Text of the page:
Government moves to stop ‘next phase’ of insurrection in South Africa: report
The South African government is entering a ‘clean-up’ phase of its response to this past week’s violent riots and looting, which includes taking steps to stop unrest from spilling over to other parts of the country.
President Cyril Ramaphosa on Friday night characterised the week-long riots as a failed insurrection, saying that certain groups were behind the unrest.
Security officials had reportedly identified 12 people as ‘instigators’ of the riots, with one brought into custody so far.
While the violence was largely contained and limited to KwaZulu-Natal and Gauteng, high-ranking security officials told the City Press that there is a risk that other provinces may follow suit, and the government is now moving to gather intelligence and fortify areas believed to be the instigators’ next targets.
Police and soldier visibility is also expected to be ramped up at hospitals and vaccination sites, to try and get the country’s Covid-19 vaccination programme back on track – while the government is reportedly planning comprehensive relief packages for businesses affected by the riots, aimed specifically at those that are uninsured.
With 25,000 SANDF forces already deployed, this may see soldiers positioned in areas for longer – possibly two to three months – with a concerted effort within the ANC itself to root out the individuals who fanned the flames of violence, or sat back and did nothing to stop them.
Failure of intelligence
In his Friday address, Ramaphosa admitted that the government had failed to meet the riots and violence with an adequate response, and intelligence had failed them on the ground.
“We must acknowledge that we were poorly prepared for an orchestrated campaign of public violence, destruction, and sabotage of this nature,” he said.
“While we commend the brave actions of our security forces on the ground, we must admit we did not have the capabilities and plans in place as this happened to respond swiftly and decisively,” Ramaphosa said.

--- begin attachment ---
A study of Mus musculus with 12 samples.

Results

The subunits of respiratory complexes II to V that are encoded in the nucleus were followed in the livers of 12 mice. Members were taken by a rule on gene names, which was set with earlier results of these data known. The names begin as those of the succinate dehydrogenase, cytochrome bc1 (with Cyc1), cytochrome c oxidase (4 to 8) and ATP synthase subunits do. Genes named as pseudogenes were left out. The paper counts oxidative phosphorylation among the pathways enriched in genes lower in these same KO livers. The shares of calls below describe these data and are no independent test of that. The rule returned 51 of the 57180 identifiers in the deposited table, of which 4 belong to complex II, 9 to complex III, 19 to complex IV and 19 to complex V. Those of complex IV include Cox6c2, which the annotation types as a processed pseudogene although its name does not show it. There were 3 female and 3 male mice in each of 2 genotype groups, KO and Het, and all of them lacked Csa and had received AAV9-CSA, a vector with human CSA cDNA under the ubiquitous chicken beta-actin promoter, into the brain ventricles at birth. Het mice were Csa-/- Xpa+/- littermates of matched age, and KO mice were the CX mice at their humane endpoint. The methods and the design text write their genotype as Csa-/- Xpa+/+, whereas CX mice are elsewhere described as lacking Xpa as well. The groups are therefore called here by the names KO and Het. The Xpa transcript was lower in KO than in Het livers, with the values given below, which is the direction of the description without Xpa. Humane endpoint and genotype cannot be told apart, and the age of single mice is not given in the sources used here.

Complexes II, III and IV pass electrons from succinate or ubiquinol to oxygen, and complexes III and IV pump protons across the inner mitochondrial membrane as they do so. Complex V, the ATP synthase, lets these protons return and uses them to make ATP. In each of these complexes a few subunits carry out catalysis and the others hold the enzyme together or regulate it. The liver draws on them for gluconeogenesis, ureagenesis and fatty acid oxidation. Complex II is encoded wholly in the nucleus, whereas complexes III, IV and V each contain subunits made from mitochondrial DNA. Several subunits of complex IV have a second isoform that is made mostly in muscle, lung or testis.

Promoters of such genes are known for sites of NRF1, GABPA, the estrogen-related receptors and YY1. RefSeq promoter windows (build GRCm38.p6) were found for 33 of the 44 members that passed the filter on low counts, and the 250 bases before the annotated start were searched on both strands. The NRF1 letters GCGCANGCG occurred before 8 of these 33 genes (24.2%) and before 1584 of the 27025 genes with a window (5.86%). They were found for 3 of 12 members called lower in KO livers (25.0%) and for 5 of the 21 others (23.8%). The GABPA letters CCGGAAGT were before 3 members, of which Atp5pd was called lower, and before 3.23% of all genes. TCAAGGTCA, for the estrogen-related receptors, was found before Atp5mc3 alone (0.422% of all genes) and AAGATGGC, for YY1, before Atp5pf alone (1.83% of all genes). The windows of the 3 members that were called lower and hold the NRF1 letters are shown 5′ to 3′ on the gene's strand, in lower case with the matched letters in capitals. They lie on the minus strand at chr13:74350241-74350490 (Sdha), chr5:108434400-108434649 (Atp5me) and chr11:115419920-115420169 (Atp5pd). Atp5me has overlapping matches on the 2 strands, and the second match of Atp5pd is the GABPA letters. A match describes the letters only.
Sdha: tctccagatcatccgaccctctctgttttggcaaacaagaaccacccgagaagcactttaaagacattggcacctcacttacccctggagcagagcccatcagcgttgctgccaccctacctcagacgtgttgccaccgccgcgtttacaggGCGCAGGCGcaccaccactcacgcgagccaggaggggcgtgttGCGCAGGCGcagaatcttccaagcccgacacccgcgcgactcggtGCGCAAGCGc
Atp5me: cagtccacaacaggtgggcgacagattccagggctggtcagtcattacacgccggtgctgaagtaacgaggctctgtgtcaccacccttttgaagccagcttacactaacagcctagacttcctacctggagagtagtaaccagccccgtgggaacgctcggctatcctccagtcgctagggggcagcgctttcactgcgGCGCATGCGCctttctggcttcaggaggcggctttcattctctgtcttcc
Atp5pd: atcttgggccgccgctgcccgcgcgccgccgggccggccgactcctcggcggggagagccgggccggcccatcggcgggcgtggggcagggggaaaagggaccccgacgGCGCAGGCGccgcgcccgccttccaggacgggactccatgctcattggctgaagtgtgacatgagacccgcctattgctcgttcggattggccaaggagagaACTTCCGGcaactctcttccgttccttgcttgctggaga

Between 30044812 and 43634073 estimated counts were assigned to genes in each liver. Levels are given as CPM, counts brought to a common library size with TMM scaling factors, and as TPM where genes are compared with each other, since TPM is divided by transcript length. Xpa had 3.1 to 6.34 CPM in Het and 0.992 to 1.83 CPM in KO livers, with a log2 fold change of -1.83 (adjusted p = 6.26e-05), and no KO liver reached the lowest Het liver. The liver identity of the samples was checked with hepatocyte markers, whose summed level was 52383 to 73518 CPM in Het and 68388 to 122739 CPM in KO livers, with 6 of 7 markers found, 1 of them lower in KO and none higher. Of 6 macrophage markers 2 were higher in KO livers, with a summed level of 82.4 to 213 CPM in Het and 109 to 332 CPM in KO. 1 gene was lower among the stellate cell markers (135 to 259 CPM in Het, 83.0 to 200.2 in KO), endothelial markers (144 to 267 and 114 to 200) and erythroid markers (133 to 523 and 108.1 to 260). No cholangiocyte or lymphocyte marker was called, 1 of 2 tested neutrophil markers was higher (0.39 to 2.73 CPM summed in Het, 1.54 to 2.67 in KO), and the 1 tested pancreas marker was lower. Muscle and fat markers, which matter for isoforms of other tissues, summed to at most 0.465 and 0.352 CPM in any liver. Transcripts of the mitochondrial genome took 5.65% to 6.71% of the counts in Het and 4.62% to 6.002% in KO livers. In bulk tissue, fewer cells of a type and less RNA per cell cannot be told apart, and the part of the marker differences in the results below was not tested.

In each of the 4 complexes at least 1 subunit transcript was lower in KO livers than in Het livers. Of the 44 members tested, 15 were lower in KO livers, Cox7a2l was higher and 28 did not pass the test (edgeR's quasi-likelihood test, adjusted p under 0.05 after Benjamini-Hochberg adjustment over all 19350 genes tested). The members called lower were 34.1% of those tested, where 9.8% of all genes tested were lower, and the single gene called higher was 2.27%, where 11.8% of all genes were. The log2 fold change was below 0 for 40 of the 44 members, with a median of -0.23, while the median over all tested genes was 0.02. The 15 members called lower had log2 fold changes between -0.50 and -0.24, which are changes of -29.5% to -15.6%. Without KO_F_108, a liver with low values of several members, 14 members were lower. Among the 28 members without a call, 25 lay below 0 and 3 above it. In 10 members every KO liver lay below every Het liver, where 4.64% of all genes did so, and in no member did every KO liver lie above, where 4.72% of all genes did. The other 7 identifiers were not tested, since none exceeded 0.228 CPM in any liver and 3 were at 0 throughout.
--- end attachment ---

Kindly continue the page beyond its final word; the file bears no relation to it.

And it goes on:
He said that the police were faced with a difficult situation and exercised commendable restraint to prevent any loss of life or further escalation.
“However, once additional security personnel were deployed they were quickly able to restore calm to most areas which were affected.”
In an analysis of this week’s events, professor Jane Duncan from the University of Johannesburg said that it was “organised chaos”, with much of the blame for its escalation laid at the feet of government intelligence, which failed to take the necessary action.
“The intelligence community could be responsible for one of the most egregious intelligence failures imaginable,” she said, adding that, ironically, those tasked with protecting national security may have become the single biggest threat to national security through this failure.
South Africa’s security cluster has turned to finger-pointing on the events of the past week, pointing to capacity challenges, internal divisions within the ANC, and the alleged insurrectionists being privy to sensitive security information within government as causes for the intelligence failure.
“Such a failure would be unsurprising, as time and again, South Africa’s security services have shown themselves to be at their weakest when they attempt to deal with inter-ANC factional battles. Then, they develop all kinds of blind spots,” Duncan said.
“Organised attacks on public and private infrastructure have been going on for years. So have the intelligence and prosecutorial failures around them.”
Ramaphosa said that those responsible for the attempted insurrection would be brought to book.
“We will identify and act against those who lit the flame, and those who spread it and those still attempting to do so.
“We will find those who instigated this violence. They will be held accountable for their deeds. We will not allow anyone to destabilise our country and get away with it,” he said.
Duncan said it is highly unlikely that the instigators are not known to authorities, and that the deployment of the SANDF is not the silver bullet for the problem.
“It is difficult to believe that the instigators of this organised chaos are not known.
“They must be arrested immediately, which will cut the head off the mobilisations. Things are likely to de-escalate from there, although the terrible social conditions that they exploited will remain.
“Deploying more police and the SANDF is reactive and not getting to the root of the problem.”